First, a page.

Before the emergence of the internet, before rocket engineers and genetic scientists set up shop in Loudoun, before
federal contractors moved beyond the Beltway and Tyson’s high rises, Dulles Airport fueled the county’s economy.
And it still does.
Since it opened as the nation’s most advance jetport five decades ago, Loudoun’s business and government leaders have worked hand in hand to promote its growth. They knew that jobs and economic opportunities would follow the increase in flights.
A fundamental element in that partnership has been county government’s support for regulations that buffered airport operations from encroachment of new homes. Overall, the pace of the industry’s growth may be dictated by factors such as competition and fuel prices, but those aren’t controlled by local governments. Zoning regulations are.
Loudoun’s policy to prohibit residential construction within the airport’s high noise zone is intended to protect the airport from complaints that have forced many other facilities across the nation to limit their operations. The rules were established when Dulles was a remote destination surrounded by, well, not much.
Even as development pressures increased on land around the airport, the county’s business and government leaders remained committed to that strategy. With the coming of rail, that has changed. For the first time, the citizen advisors on the county’s economic development panel and the Chamber of Commerce have joined with Realtors and developers in calling for the restrictions to be lifted. So far, supervisors say they’re not interested in making a change.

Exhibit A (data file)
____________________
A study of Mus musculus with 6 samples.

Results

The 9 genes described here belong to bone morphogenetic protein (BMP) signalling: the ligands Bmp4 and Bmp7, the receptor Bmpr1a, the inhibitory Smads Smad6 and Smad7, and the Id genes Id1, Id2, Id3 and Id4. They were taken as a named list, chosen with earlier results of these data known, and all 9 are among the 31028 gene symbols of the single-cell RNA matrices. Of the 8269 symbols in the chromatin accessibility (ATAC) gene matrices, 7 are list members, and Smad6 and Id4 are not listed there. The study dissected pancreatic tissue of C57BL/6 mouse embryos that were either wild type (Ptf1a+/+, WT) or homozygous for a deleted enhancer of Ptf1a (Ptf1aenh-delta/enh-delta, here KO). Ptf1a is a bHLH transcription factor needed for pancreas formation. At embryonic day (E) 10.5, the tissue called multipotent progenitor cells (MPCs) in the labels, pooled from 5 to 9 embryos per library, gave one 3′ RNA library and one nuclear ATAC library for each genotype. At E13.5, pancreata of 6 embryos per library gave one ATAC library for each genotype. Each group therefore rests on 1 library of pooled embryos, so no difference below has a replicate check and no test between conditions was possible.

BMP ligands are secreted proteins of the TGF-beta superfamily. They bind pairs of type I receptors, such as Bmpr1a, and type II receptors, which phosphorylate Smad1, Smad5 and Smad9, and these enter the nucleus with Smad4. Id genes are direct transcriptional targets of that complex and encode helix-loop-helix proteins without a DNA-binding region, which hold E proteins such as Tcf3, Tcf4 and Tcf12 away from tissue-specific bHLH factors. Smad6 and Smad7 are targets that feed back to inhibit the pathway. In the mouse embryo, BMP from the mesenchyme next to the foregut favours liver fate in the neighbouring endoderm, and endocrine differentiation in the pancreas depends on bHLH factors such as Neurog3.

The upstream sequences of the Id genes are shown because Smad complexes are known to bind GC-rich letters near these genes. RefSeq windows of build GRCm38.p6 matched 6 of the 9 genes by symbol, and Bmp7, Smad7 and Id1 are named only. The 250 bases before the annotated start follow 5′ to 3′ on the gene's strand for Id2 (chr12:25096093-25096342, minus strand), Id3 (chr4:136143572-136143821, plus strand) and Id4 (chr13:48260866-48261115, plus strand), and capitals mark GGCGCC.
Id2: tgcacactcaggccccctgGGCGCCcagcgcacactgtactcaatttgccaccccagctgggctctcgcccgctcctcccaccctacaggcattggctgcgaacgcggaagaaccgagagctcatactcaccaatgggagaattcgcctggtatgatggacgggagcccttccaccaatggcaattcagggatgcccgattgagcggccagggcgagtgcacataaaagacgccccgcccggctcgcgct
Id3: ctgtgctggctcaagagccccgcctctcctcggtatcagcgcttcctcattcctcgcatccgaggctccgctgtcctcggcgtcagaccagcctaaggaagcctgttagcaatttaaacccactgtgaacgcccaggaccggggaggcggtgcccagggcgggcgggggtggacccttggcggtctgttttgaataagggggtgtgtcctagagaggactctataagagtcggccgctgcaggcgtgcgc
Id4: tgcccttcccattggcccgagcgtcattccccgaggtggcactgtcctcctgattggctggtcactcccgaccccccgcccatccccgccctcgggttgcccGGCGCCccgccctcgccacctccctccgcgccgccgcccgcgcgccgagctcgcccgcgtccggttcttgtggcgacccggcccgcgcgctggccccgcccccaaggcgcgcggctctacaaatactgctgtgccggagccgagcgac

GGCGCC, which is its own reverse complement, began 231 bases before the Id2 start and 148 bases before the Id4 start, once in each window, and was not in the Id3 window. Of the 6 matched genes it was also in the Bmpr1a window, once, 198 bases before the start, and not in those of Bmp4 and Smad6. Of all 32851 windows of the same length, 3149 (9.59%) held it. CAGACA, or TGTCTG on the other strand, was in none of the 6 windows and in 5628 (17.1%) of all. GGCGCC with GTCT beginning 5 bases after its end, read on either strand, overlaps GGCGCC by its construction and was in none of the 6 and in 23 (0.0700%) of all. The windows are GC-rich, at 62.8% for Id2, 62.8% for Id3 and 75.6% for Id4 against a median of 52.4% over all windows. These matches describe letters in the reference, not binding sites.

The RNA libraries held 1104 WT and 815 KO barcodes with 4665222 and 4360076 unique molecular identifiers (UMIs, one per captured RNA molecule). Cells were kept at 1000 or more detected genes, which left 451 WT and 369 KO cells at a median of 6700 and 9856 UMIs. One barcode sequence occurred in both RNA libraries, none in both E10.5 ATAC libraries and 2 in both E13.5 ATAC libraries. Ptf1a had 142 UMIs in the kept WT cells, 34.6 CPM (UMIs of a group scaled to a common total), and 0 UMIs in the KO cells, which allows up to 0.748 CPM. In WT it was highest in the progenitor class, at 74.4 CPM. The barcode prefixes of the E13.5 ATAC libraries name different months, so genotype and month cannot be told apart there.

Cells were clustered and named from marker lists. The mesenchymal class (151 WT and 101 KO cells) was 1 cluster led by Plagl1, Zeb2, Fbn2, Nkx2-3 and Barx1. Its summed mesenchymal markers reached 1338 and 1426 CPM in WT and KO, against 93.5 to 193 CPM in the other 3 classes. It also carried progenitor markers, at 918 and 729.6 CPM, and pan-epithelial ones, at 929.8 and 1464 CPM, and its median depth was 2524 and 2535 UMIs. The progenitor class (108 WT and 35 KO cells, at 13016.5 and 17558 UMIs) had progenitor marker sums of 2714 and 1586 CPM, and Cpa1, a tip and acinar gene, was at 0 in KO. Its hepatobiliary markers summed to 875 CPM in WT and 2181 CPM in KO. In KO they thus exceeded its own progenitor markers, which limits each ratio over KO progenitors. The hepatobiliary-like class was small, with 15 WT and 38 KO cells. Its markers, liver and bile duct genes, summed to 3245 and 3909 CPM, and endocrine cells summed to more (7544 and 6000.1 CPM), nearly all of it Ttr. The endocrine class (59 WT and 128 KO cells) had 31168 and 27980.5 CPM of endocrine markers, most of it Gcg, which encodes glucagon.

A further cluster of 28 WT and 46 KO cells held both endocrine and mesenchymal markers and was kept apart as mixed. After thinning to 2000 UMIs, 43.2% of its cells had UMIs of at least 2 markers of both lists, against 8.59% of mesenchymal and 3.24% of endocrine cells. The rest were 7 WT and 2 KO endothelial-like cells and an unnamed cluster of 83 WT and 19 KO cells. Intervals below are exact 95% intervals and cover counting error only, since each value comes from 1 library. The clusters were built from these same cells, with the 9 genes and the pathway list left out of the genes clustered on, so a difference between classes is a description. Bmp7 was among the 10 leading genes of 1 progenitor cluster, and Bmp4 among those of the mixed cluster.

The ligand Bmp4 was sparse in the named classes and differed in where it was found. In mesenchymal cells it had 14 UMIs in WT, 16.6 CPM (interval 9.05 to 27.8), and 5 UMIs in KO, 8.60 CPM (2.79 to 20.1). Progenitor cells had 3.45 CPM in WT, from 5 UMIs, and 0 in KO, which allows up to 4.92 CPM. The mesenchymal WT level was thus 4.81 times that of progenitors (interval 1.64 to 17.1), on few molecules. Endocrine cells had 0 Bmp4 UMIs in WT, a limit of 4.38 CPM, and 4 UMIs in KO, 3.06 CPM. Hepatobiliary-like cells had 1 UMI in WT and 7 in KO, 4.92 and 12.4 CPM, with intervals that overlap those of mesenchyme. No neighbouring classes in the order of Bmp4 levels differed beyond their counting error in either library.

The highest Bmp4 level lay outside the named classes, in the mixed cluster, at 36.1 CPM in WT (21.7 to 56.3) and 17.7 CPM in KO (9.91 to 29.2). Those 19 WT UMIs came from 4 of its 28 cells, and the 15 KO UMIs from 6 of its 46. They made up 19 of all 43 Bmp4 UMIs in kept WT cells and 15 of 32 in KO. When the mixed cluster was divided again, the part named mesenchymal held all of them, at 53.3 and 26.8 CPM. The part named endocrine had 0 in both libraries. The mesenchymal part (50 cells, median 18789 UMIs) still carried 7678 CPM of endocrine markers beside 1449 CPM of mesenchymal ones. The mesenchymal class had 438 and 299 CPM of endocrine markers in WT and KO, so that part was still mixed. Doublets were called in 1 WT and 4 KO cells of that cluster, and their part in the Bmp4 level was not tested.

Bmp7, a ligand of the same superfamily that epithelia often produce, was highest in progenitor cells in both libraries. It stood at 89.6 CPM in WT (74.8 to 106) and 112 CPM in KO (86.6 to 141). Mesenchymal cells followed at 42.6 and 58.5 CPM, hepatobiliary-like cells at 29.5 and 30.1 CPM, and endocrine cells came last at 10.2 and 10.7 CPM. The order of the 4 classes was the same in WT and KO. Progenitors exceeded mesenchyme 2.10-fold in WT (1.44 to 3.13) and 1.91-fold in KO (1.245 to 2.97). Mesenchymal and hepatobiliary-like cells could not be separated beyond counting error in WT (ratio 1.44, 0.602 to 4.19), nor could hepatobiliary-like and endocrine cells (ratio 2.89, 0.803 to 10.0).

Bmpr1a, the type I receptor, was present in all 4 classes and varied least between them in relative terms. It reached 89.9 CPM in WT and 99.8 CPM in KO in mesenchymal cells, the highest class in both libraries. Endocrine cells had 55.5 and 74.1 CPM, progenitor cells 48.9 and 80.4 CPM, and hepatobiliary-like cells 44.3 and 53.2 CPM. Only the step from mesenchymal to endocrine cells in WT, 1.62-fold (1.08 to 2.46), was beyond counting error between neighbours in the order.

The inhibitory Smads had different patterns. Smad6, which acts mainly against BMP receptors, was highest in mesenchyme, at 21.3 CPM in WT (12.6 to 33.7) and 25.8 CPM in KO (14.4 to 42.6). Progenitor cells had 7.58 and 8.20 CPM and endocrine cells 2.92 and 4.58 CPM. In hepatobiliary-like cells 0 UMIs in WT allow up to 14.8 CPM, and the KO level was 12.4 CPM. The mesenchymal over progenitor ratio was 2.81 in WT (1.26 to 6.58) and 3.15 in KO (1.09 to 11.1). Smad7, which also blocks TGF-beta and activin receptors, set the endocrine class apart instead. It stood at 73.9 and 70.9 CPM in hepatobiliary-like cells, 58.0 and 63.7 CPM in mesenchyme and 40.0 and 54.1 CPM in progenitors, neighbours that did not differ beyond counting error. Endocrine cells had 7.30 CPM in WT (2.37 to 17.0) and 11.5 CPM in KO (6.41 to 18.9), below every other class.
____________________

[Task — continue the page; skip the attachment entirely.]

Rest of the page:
The county is embarking on a rewrite of its comprehensive plan and getting the airport noise policies right will be an important part of guiding development over the coming decades. The airport’s high-noise contours—the lines that determine where residential development is prohibited or is subject to higher construction standards—were last updated in the early 1990s. Those changes reflected the industry’s shift to quieter aircraft engines, but also examined the noise that would be generated by an airport running at full capacity.
Given the technological advances and the changes in travel demand over the past 30 years there’s reason to believe the noise level projections may be different today. A new study could find that the boundaries of the high-noise zone may be smaller, or it might affirm the outlook already on the books. Knowing the answer would be a part of any long-term planning exercise.
Supervisors are correct in defending the probation on new residences within the airport’s high-noise area. Unquestionably, that is an important land use and economic development policy. However, ensuring that they’ve drawn the line in the right location also is important. Now is a good time to take a new look.